A Commonwealth Fund brief that analyzed insurance company MLR data from 2010 shows that health insurance consumers would have received $2 billion in rebates if the new medical loss ratio (MLR) rules contained in the Affordable Care Act had been in effect that year.
The rule, which went into effect Jan. 1, 2011, requires insurers to pay out at least 80 percent or 85 percent of their premium dollars for medical care expenses, depending on the type of health plan. Insurers that pay out less than the minimum MLR for their plan are now required to rebate the difference to policyholders.
According to the brief, of the $2 billion that would have been owed in 2010 had the rules been in effect, roughly $1 billion would have been rebated to about 5.3 million individual policy holders, with the other $1 billion rebated to 10.1 million people who held small- and large-group plans.
With the first rebates under ACA this summer, "these 'what if' estimates provide a rough prediction of the impact the MLR rules may have in their first year of application -- either by way of requiring rebates or by motivating insurers to reduce rates in order to avoid rebates," the brief noted.
The researchers used data from annual financial reports using the National Association of Insurance Commissioners' (NAIC) Supplemental Health Care Exhibit (SHCE). Of the insurers analyzed that had actuarial "credibility," the plans covered about 9.8 million people through individual policies, 17.8 million through small-group policies and 39.5 million through large-group insurance.
Nationally, roughly 5.3 million people of the 10.1 million with individual health plans represented about 53 percent of all people covered in this market.
The report also studied the potential rebates in each of the 50 states and estimated average rebates per person, the total number of people who would have received a rebate, as well as the total cost of those rebates.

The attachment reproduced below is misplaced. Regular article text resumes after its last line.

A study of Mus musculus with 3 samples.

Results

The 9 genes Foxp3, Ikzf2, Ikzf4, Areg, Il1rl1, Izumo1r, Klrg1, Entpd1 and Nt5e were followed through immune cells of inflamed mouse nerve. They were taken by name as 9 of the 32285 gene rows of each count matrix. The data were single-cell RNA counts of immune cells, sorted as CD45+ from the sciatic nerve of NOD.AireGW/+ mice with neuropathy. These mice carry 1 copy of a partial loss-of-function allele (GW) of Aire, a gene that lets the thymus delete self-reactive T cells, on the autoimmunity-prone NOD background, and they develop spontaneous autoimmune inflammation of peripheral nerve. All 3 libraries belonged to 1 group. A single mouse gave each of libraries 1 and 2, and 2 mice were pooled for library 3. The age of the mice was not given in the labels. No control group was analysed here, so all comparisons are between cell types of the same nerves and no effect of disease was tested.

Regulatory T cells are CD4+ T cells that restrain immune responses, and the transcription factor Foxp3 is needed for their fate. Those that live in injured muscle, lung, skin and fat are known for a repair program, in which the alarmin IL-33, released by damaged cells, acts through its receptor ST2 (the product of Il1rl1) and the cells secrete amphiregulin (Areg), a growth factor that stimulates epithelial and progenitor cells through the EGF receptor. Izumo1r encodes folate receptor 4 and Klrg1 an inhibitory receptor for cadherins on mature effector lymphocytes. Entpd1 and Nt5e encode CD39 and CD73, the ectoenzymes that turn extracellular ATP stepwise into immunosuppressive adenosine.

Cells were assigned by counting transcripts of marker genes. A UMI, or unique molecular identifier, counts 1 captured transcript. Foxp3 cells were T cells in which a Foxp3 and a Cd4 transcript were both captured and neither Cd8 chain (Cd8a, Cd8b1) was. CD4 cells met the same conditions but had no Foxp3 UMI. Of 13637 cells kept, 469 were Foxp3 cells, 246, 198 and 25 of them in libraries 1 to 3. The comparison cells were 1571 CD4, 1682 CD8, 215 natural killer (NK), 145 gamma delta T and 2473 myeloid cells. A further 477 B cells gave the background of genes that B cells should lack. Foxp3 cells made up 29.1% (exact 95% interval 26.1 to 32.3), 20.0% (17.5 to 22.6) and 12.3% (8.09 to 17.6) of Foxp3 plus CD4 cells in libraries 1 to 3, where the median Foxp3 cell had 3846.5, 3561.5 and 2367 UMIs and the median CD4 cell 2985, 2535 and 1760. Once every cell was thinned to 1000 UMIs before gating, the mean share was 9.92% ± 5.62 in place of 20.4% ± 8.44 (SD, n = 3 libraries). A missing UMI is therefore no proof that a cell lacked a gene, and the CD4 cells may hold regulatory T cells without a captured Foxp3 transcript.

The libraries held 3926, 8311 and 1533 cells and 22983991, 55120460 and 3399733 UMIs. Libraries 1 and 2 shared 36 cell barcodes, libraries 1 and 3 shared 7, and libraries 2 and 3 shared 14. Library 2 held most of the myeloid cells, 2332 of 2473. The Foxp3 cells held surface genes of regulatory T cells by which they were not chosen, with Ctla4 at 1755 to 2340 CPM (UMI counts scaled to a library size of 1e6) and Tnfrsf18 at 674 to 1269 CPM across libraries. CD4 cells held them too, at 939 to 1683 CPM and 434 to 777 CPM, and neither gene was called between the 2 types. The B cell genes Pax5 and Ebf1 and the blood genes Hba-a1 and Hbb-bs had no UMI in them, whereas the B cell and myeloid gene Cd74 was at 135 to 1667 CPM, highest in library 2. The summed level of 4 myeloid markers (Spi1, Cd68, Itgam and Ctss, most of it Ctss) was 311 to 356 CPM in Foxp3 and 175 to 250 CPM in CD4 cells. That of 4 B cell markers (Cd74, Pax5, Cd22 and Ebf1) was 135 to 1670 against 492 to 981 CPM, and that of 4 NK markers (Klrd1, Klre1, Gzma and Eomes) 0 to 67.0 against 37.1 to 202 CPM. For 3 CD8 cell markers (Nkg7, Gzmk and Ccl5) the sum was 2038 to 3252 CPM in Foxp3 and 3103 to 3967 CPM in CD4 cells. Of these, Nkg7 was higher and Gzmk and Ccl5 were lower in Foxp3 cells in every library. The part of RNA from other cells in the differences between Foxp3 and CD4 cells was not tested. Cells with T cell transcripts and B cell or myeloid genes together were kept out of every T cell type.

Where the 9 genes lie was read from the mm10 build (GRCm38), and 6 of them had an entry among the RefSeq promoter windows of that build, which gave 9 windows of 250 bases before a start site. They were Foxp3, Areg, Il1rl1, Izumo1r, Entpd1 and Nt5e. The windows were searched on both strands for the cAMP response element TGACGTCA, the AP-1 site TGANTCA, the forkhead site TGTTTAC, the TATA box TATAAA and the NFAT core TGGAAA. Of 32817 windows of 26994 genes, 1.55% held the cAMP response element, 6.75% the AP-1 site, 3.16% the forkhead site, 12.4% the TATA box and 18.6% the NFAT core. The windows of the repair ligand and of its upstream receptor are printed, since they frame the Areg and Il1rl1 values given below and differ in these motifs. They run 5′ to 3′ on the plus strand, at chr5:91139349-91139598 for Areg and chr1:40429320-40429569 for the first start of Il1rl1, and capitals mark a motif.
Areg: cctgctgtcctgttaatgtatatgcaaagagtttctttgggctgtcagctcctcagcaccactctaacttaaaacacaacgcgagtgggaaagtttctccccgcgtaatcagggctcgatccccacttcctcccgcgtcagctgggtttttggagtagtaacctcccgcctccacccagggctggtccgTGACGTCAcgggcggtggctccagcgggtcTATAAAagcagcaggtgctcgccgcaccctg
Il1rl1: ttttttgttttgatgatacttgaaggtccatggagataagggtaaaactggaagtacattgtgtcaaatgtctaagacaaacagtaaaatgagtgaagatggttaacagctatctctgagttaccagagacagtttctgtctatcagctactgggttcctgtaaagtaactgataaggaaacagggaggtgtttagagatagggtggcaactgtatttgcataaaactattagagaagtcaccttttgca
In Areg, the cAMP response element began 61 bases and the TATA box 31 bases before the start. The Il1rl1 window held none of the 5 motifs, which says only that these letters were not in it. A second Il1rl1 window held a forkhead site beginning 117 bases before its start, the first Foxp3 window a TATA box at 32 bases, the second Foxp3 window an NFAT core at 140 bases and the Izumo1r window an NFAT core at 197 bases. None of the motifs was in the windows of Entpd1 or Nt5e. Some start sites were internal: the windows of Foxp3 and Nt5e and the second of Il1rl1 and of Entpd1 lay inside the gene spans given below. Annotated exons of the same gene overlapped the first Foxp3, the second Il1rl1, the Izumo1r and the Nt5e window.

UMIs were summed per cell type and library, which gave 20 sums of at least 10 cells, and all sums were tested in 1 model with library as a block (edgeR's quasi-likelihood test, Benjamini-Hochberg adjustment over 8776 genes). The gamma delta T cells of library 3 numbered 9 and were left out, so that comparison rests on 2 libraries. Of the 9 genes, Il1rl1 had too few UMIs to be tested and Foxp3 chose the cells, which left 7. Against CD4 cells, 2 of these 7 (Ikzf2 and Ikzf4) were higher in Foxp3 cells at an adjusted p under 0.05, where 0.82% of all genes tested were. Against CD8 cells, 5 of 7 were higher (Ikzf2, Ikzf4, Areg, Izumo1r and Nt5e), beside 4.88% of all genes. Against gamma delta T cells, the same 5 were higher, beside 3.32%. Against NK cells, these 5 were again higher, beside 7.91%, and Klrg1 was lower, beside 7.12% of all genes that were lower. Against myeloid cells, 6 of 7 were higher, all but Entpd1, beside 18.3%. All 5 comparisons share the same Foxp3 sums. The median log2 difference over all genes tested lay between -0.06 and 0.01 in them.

[See also: Medical Loss Ratio Waivers: An Update]
At a state level, total estimated rebates would be the highest for Texas and Florida, with $172 million and $109 million in rebates, respectively. Rounding out the top five were Illinois ($67 million), Virginia ($50 million) and Missouri ($43 million).
Eleven states – Arizona, Florida, Georgia, Illinois, Michigan, Missouri, North Carolina, Pennsylvania, South Carolina, Tennessee and Texas have at least eight insurers that would pay a rebate. Among these states, the highest rebate per member is North Carolina with $285 and the lowest is Florida at $145 per member.
Three states, Hawaii, Rhode Island and Vermont had no insurers that would have been expected to pay rebates under the MLR rules.
"As expected, a greater proportion of consumers in the individual market would expect rebates than would those in the group markets," the report stated. "For consumers who receive rebates, the average amounts could be substantial -- often in the $100 to $300 range per person, and occasionally more."
Even with this analysis, the authors note that with the advance notice of the MLR regulations and their 2011 start date, insurers have likely changed in various ways to try to comply with the requirements. Regardless of how different insurers sought to meet the requirements, "it is almost certain that the MLR rules will produce different results in future years than are estimated here for 2010. However, even if rebates dwindle, this analysis indicates that millions of consumers stand to benefit from the new rule's reduction of profits and overhead costs incurred by many insurers," the brief concluded.